Bridgetown Dress in Jersey: Bodice and Facings
April 07 2017
I made version C - that is, the dress length with the shallow hem. Above, you see my supplies - the fabric, needels (both a ballpoint for construction and a twin needle for topstitching), elastic, and matching thread.
If you are relatively knew to sewing with knit fabrics, you will probably know you want to have the proper needle (ballpoint or jersey are best for most knits) and a strong thread (polyester or cotton-wrapped polyester is a safe bet). For seams, be prepared to sew with a either a narrow zig-zag or a "lightning bolt" stitch. I switch back and forth between the two, and I will explain why as I go. I will lead us through some twin-needle topstitching, too, when the time comes.
Below - the stitch #1 corresponds to a zig zag (use a 0.5mm width and 3.0 length for most knits); stitch #9 corresponds to the "lightning bolt" stitch. This latter stitch is a combination of the strength of a backstitch, coupled with the seam movement of a zig zag. I will also use a straight stitch (stitch #1 on this machine) for the twin-needle stitching.
Below, you can see my layout for the knit dress, which corresponds to the right-hand figure of page 6 (shown below the photo). Notice in the cutting layout, piece D (the Front Neck Facing) can be either bias-cut or cut on the grain. When sewing with a stretch knit, you don't need to cut on the bias: the knit fabric will allow for curvature when you apply this facing to the neckline.
* Note an error was found - the above layout reads 0 - 18 and it should say 0 - 20.
Remember, mark all pertinent notches. I like to clip 1/8" into the seam allowances, right at all the marked notch locations. There are three notches on the front piece A (at shoulder, sleeve, side seam, and center front), four notches on the back bodice B (at shoulder, sleeve, side seam, and center back), four for sleeve piece C, two (or three) notches at front and back of skirt F (at side and center front, as well as hem for versions B & D), and two for front and back bottom band G (at top, and side). And finally - I like to mark the center front, at the neckline of the front bodice (piece A).
For my Back Facing strips (piece E), I like to separate the strip I will cut them from after I've cut the larger pieces, and really make sure the strips are cut perfectly on grain:
Time to go to the machine! Now it's time to stay-stitch that neckline, for both the Front Bodice, and Back Bodice pieces (page 7). Staystitching will ensure that the neckline does not stretch out over time and wear. Stitch from the shoulder seams down, as illustrated. You can use a straight stitch here, or (as I did) a lightning-bolt stitch:
I like to take these staystitched edges and lightly press them with steam. Then, I pin and sew the Front Bodice shoulders to the back bodice, right sides together (top of page 8). Sew at 5/8":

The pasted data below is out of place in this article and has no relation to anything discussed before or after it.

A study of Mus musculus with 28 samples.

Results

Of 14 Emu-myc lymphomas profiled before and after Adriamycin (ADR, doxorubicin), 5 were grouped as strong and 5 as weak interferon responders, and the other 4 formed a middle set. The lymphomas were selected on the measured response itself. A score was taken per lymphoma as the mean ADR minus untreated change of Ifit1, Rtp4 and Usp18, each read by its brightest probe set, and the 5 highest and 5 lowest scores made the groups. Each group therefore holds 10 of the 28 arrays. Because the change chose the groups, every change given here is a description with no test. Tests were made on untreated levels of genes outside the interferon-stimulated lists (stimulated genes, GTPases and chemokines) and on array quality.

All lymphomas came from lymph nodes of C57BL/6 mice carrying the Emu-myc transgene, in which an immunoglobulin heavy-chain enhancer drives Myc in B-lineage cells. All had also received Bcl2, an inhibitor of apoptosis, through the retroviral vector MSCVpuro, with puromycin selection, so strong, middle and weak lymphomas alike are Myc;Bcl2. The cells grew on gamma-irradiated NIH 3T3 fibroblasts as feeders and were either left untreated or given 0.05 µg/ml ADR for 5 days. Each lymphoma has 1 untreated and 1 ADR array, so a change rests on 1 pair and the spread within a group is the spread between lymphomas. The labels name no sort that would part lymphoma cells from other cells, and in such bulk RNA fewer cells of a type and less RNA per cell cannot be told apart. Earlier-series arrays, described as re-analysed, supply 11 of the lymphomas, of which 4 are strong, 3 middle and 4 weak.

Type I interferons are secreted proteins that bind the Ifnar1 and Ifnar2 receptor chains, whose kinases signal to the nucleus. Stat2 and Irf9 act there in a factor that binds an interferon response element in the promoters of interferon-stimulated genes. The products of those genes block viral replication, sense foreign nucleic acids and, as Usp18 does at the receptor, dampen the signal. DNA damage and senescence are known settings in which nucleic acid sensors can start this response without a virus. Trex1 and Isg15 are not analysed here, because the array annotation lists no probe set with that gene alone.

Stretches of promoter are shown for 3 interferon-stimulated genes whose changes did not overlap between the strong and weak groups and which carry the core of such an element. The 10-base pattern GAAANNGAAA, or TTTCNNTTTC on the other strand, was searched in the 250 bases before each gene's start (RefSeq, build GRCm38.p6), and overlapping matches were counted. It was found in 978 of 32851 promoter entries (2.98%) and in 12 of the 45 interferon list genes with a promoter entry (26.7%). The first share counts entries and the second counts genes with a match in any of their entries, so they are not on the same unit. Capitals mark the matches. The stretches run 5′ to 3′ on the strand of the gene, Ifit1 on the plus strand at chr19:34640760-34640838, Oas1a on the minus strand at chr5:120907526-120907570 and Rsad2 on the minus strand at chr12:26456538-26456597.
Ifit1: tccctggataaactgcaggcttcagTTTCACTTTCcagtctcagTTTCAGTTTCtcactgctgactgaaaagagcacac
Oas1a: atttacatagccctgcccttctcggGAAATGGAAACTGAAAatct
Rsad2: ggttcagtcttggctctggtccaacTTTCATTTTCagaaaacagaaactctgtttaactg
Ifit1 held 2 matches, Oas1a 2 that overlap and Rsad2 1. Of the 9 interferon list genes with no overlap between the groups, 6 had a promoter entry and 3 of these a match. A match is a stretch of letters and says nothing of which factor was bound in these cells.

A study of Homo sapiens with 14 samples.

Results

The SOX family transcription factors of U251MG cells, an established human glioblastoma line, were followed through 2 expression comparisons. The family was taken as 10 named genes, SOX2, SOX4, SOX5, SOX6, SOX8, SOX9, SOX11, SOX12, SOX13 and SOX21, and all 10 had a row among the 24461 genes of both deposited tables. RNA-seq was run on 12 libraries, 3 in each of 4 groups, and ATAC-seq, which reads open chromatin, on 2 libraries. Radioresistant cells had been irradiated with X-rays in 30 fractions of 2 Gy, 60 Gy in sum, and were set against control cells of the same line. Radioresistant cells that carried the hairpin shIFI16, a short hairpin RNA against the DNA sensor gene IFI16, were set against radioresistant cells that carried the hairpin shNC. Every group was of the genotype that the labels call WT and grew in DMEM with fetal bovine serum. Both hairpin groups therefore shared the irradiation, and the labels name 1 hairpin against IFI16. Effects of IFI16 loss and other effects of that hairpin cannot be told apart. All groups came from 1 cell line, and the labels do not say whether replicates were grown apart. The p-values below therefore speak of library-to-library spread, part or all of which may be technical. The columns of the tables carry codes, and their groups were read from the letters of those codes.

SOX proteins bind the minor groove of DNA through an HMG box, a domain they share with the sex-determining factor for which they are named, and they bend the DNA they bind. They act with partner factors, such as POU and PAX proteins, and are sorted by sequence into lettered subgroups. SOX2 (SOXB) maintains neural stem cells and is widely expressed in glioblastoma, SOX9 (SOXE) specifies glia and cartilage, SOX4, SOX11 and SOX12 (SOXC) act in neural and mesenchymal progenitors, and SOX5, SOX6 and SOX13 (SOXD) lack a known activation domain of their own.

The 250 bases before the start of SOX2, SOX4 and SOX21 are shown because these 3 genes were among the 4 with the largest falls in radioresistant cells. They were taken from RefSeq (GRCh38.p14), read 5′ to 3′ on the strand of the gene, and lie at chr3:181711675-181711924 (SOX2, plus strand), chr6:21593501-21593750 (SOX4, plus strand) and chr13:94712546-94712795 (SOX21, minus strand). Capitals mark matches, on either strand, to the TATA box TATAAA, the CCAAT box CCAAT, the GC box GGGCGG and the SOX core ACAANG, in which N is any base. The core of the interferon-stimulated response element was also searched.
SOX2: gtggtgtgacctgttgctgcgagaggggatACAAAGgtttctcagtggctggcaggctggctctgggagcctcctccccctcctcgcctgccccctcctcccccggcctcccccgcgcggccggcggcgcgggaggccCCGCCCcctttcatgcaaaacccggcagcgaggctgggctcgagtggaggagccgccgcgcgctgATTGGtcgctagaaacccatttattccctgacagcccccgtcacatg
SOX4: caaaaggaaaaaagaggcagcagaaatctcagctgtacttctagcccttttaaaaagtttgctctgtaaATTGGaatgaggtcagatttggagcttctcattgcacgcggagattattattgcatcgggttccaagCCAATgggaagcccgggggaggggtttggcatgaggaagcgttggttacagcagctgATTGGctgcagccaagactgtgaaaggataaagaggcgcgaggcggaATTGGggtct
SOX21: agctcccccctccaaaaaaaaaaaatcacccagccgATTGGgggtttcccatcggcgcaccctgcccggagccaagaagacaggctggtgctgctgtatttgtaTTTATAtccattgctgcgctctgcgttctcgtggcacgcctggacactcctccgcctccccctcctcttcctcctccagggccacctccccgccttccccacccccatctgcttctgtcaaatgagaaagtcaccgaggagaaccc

At this stage, we get to finish our seams. You can pink, zig-zag and trim, or - as I've done below - serge. I don't recommend finishing with a flat-felled or French seam here, as it would add bulk to the shoulder seam, which won't be appreciated when we add our facing.
Now, we join our facing pieces (bottom of page 8) at the short edges. When sewing delicate fabrics or, as in this case, small pieces I don't want to distort, I like to use some washaway stabilizer under the stitch. This enables me to firmly backstitch, without stretching the fabrics:
I then trim away the stabilizer; the tiny amount left will be hidden in the garment, and will wash out upon first laundering:
Then, we take our joined facing pieces, and lightly steam press them with the long edges and wrong-sides together. I first finger-press the short seams open, before pressing with steam.
So here's a fun seam! We pin our facings to the entire neckline of the bodice pieces, right-sides and raw-edges together. Since I plan on sewing with the bodices against the machine, and the facings facing up, I pin that way. Notice - as per the verbiage on page 9 - the facings extend a little past the bodice. This is fine - they will be trimmed later in the process.
Stitch at 3/8":
Next, I trimmed this seam allowance. Because this jersey is a little bit bulky, I trimmed the facing seam allowance to 1/8", and the bodice seam allowance to 1/4":
At this point, you can press the facing and seam allowance away from the garment, and understitch (top of page 10). I skipped this step, as I knew I could finger-press my facing nicely. But in general, understitching is a really excellent method for facings.
Now, we're going to turn that facing to the wrong side of the dress (step 6 on page 10). We will then be topstitching from the right side of the dress:
My shoulder seam - even with trimming and clipping, was a little bulky. I used a clapper to further flatten it:
Then, I tested my twin-needle setup on scraps of my material - folded to make three layers, as that's what I'd be sewing for the facing. In general, I find I need to lessen my top tension, and lengthen my stitch length, to get a good effect. If you haven't used twin needles before, do a little research and a lot of experimentation - and remember to change to a straight stitch!
As you can see (above), the zig-zag effect of the bobbin thread between the two top threads, is what makes this stitch a "stretch stitch", even though it is a straight stitch.
Here are my results:
And - we're all finished! I hope you enjoyed today's work. Tomorrow we tackle our sleeves and side seams!
We want to see how you're doing! You can post pictures of your creations either here, Instagram #bridgetownbacklessdress - or on the Facebook page!